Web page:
Tuesday, March 21, 2006

BT released from price regulation

After 22 years Ofcom have decided to stop regulating BT's prices. The regulators deserve credit for taking a decision that reduces their ability to control and resisting the temptation to define their purpose ever outwards.

The logic behind this move is very sensible. The market for phone calls has been entered by VoIP phone services like SkyPE, cable operators and mobile phone companies. All of these firms bring different advantages from the flexibility offered by mobile phones to the extremely low costs available through Internet services. While BT has advantages in this market, such as a well developed infrastructure, these are not nearly enough to be worthy of monopoly regulation.

The stock market response suggests that investors do not expect new monopoly rents to flow. BT's share price responded with a slight fall; investors can see that with so much new competition and a mature market there are difficult times ahead. While this is hardly cast iron evidence that there are no monopoly rents for BT to make it does suggest that no one can currently see where they might come from.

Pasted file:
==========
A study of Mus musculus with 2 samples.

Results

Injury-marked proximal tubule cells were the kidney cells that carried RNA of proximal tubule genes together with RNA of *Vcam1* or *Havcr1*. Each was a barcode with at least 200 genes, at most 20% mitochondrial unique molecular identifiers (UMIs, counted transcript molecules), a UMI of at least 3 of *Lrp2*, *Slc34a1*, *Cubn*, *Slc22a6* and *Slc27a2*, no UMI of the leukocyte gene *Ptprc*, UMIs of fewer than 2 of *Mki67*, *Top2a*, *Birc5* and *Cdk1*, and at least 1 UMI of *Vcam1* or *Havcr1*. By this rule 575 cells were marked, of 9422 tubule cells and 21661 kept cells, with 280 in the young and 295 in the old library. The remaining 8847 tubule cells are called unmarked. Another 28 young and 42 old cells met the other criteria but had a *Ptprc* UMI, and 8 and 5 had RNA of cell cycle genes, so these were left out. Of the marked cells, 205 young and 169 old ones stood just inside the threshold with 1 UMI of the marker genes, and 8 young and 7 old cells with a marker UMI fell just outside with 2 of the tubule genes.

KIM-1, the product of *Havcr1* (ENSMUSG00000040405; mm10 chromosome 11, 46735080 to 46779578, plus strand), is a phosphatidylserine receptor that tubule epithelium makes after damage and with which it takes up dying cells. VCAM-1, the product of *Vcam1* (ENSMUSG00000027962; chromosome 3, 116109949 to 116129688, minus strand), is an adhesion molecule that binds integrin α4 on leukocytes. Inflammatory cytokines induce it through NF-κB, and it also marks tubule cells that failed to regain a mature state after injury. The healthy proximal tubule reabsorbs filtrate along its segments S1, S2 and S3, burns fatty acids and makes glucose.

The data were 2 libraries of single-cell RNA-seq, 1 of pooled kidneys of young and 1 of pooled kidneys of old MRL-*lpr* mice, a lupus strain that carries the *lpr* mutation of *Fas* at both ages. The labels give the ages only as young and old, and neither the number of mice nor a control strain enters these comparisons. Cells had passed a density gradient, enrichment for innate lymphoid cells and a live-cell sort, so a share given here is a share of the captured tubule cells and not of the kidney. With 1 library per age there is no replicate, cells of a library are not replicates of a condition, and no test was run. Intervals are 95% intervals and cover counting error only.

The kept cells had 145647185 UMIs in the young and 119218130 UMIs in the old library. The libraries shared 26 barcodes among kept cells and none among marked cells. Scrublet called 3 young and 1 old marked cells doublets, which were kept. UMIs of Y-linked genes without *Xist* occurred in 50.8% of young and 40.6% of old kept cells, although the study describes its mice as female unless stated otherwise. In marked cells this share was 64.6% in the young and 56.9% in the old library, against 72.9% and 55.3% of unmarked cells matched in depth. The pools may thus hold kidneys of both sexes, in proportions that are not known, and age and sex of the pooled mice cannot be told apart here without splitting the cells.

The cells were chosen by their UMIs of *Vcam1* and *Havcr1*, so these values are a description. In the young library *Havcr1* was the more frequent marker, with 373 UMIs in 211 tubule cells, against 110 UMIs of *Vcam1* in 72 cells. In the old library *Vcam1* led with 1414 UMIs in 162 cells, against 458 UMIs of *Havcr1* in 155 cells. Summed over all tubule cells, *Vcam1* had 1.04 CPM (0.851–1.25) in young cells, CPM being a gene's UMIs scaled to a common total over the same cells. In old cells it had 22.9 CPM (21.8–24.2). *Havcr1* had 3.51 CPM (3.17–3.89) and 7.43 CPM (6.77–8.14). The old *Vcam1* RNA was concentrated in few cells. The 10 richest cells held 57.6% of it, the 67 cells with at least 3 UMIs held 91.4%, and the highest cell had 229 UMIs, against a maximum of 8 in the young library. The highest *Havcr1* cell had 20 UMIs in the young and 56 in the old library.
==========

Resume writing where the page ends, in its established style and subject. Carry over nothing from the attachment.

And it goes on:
2 comments:

El Dave. said...

I'm confused:

'While BT has advantages in this market, such as a well developed infrastructure, these are not nearly enough to be worthy of monopoly regulation.'

Surely strong position in the market would be argument against monopoly privileges?

xD.

Matthew Sinclair said...

Regulation as if it were a monopoly. Not a privilege.